When it comes to party planning, there's more to consider than who to invite. Each child is an individual and their birthday celebration should be a reflection of their personal style, temperament and personality. For example, my daughter loved a challenge, and each year involved the newest version of a Treasure Hunt that we dreamed up. On the other hand, my neighbor's she daughter loved to watch movies with her friends.
To plan a customized celebration that your child will truly enjoy, take these 10 points into consideration.
1. Consider your child's age. An age appropriate party assures that everyone will have fun. While having a clown or a costumed character may sound like a great idea, children younger than four of five, who can't yet distinguish between what's real and what's not, could easily become frightened by masked man. Instead, consider a puppet show, music performer or age appropriate games for your entertainment.
2. Consider your child's temperament. Some children love to be the center of attention and would be ecstatic to have a party, complete with colorful decorations and games in their honor, while others may feel overwhelmed by the idea. Pay attention to how your child embraces different environments. If he consistently clams up when in a loud crowd, it may be best to have a small, low-key gathering of family and close friends.
3. Consider your child's ideas. Even preschool aged children may have their own vision of what their birthday celebration should be like. If your child expresses interest in his or her upcoming birthday, ask questions to understand their vision. For younger children, ask a question and provide two choices. "I'm thinking about your birthday cake. Would you like Elmo or Big Bird on your cake?" For older kids, ask open ended questions like "Can you tell me what you'd like on your cake?"
4. Consider your guest list. For young children, the general rule of thumb is to invite the number of children that matches your child's age in years, plus one. Children older than 8 or 9 can better handle a larger crowd. You'll also need to think about the children's parents. If your child is younger, you may want to coach the parents to stay for the duration of the party by suggesting they enjoy coffee or tea.
5. Consider having a theme. Having a party theme can make the whole planning process a lot easier. From your invitations to your activities, a theme will help your guests easily transition from one activity to the next. If you're having a jungle theme party, for example, your invitations and paper products could have animals on them, your activity could be making animal masks or singing animal songs, and your menu could include jungle juice and animal crackers.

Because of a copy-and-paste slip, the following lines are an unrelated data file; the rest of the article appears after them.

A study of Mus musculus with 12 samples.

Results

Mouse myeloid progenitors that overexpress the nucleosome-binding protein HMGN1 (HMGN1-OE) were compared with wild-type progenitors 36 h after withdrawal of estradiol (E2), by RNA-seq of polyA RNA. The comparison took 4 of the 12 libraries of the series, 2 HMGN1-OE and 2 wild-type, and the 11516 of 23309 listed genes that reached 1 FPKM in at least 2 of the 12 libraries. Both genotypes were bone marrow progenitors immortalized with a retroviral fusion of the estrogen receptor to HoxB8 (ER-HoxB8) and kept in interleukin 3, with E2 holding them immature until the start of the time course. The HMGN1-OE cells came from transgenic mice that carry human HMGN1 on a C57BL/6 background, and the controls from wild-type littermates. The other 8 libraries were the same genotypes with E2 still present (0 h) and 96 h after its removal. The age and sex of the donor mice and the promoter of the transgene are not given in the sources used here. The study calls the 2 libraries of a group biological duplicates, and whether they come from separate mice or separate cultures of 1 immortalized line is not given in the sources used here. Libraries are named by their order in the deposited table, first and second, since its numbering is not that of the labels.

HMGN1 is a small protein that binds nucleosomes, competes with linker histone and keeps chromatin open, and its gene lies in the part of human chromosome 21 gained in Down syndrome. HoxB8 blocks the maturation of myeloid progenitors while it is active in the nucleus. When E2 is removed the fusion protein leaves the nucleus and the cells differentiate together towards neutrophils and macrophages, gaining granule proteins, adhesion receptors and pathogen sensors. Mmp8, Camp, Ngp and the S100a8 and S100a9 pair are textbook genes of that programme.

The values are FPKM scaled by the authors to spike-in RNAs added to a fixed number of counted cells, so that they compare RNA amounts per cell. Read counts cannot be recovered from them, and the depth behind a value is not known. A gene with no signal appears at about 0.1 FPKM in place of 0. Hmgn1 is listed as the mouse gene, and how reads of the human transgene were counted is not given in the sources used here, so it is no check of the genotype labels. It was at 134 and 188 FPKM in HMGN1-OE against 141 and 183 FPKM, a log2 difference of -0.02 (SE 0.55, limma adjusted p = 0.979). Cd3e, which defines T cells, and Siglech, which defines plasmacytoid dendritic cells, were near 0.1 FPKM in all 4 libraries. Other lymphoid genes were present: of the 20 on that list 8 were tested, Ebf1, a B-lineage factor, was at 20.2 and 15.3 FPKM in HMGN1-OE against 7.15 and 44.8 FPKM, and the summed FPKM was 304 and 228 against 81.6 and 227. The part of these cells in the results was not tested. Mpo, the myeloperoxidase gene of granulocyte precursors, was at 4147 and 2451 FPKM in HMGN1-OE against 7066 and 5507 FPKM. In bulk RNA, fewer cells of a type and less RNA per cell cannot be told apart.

6. Consider a location. The more kids you have, the more space you'll need. If your child and his or her crew are active, you may wish to have the party outside, in a gym or in other places where the kids will be able to move around without breaking things or bumping into each other. If the guests are younger, your family room at home may be fine. Wherever you choose to have your party, be sure that the environment is safe to play in and explore.
7. Consider the timing. Consider your child's daily schedule when planning his or her celebration. Planning the celebration around your child's normal schedule help assure your child is well rested and ready to celebrate. Some kids are naturally more energetic in the morning while some seem to do better in the afternoon. Be sure to take the time of day your child is most centered, alert and interactive into consideration when party planning.
8. Consider the menu. In addition to taking allergies and intolerances into consideration, you'll want to choose easy, age appropriate foods to serve your guests. While pizza is an easy standby, sandwiches cut into creative shapes to match your party theme, fresh fruit salad, raw veggies and cup cakes are also great menu ideas for young kids. Preschool age kids and older may enjoy making their own mini-pizzas or frosting their own cup cakes.
9. Consider your budget. While parties can be expensive, they don't have to be. You can save money by making your own invitations or sending electronic ones, shopping at discount stores for paper products and having family and friends bring a dish to share.
10. Consider your conversation. Talk about the party planning with your child. For kids who prefer to be informed about everything, walk your child through what will happen at their party in advance. Role-play situations that may occur and coach your child how to communicate to you if things get too loud or too wild. If you can't meet your child's party expectations, talk about it in advance and brainstorm other things you can add to the celebration.
Birthday celebrations are a great way to celebrate your child and to let him or her know how special and precious they are. With a little planning, you can put together a celebration that your child will truly enjoy by embracing his or her personal style.
Caron Goode's (EdD) insights are drawn from her fifteen years in private psychotherapy practice and thirty years of experience in the fields of education, personal empowerment, and health and wellness. She is the author of ten books (www.inspiredparenting.net) and the founder of the Academy for Coaching Parents,(www.acpi.biz) a training program for parents & professionals who wish to mentor other parents. A mom and step-mom, she and her husband live in Ft. Worth, Texas. Reach her at email@example.com.